Latest News

CBS3 News and KYW Newsradio Feature the Listening Walk in Philadelphia!

May 21, 2018—Clarke's Listening Walk at the Philadelphia Zoo on May 20 was an exciting day for all! It began with a 5K run, followed by a listening scavenger hunt where children with hearing loss heard their favorite "zoo-tastic" sounds—the Phillie Phanatic, the official mascot...[More]

39th Annual Conference on Mainstreaming Students with Hearing Loss: Keynotes include Alexander, Nevins, and Gardner

May 16, 2018—Clarke Mainstream Services is thrilled to announce its keynote lineup for the 39th Annual Conference on Mainstreaming Students with Hearing Loss, which will be held on October 18 and 19, 2018. This annual conference is often praised for its outstanding content, which...[More]

SOLD OUT! Clarke's Listening Walk at the Zoo in New York

May 11, 2018—Are you registered for a Clarke Listening Walk? Thanks to your overwhelming support, Clarke's Listening Walk at the Bronx Zoo reached maximum capacity this week. [More]

Clarke Audiology Assistant Pursues Doctor of Audiology Degree

May 3, 2018—Congratulations to Sarah Verteramo, Audiology Assistant at Clarke, for acceptance in the University of Massachusetts Amherst Doctor of Audiology program! [More]

 
April 27, 2012

Hearing Center to Hold Informational Sessions on Hearing Loops


April 27, 2012—Widely used in Europe and Scandinavia, Hearing Loops are an increasingly popular technology that is helping millions with hearing loss hear more clearly in public places. On Wednesday May 9, 2012, The Clarke Hearing Center on Round Hill Road will host an information session and demonstration on the benefits of Hearing Loops.

Participants are welcome to attend either the morning or evening session. The morning session will be held at 11:00 AM and the evening session will be held at 5:00 PM at the Northampton Senior Center on Conz St. Seating is limited; RSVP to audiotech@clarkeschools.org or call 413.582.1114 for more information.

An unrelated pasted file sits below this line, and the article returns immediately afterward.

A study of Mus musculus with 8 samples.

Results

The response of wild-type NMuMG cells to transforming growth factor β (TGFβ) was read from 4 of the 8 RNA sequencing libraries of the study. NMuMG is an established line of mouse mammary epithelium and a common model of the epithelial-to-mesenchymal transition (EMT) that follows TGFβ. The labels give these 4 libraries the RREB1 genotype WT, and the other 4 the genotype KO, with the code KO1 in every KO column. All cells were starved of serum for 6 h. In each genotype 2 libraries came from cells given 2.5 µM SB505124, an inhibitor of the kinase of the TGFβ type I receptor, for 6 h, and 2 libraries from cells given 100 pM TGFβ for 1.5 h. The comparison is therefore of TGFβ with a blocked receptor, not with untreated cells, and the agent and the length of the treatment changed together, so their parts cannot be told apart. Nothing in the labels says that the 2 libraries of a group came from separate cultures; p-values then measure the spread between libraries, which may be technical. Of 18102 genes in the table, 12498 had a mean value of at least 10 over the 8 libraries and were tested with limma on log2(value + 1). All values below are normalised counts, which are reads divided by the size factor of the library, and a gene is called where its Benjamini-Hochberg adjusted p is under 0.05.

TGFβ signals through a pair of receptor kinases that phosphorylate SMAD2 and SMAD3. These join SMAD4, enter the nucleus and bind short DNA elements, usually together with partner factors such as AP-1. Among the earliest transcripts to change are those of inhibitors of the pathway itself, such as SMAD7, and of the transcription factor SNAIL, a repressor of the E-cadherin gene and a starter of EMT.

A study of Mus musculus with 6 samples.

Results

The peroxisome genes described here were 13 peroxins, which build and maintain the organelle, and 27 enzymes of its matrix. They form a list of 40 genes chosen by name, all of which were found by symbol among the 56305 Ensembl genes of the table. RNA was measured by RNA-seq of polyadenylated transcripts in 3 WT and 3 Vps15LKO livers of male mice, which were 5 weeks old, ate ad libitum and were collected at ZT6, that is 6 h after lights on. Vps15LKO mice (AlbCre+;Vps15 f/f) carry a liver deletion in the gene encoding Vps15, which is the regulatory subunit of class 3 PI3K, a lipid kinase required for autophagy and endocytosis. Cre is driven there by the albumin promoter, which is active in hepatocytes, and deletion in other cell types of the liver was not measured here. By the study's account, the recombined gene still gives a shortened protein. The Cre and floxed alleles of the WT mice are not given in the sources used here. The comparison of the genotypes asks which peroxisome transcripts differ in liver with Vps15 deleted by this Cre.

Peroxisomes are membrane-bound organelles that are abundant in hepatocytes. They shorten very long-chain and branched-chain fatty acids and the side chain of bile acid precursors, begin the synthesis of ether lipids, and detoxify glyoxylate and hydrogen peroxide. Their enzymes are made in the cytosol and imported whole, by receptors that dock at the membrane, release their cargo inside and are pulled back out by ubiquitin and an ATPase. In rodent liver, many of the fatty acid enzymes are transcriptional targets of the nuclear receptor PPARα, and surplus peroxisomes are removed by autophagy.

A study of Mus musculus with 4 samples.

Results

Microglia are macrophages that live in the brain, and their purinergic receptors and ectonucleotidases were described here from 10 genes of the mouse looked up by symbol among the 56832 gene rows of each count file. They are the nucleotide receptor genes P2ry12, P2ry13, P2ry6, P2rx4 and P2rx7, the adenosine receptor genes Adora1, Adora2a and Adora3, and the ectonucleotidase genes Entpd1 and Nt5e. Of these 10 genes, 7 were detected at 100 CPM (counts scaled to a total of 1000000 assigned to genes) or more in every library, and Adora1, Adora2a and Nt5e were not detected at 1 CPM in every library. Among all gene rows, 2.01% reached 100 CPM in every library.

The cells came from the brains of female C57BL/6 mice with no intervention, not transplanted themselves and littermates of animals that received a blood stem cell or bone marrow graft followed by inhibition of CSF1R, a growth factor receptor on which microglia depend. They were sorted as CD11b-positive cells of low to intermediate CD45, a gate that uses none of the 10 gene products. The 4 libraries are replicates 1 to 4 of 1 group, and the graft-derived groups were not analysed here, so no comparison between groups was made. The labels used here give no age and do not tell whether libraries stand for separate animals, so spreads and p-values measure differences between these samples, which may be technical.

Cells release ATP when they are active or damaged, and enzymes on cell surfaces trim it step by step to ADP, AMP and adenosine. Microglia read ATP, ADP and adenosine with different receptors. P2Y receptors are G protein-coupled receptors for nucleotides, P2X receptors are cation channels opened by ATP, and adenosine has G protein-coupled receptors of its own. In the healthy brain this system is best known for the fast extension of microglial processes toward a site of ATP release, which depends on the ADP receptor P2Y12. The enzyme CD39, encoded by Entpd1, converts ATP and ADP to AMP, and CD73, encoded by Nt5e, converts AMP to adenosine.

ABOUT HEARING LOOPS

A hearing loop is a special amplifier connected to a PA system or TV, which transmits a magnetic signal to a wire that is installed around the periphery of a room. The signal is then picked up by people wearing hearing aids or portable headsets. The technology helps reduce background noise and makes it easier for people who are deaf or hard of hearing to access sound in noisy or crowded environments. Hearing Loops have been touted by some as the hearing loss equivalent of wheelchair ramps, due to their ability to increase the accessibility of public places. In 2011, Hearing Loops were placed in the New York City subway system, in one of the largest installations of the technology in the United States.

Additional information on Hearing Loops: “A Hearing Aid That Cuts Out All the Clatter,” The New York Times, 2011.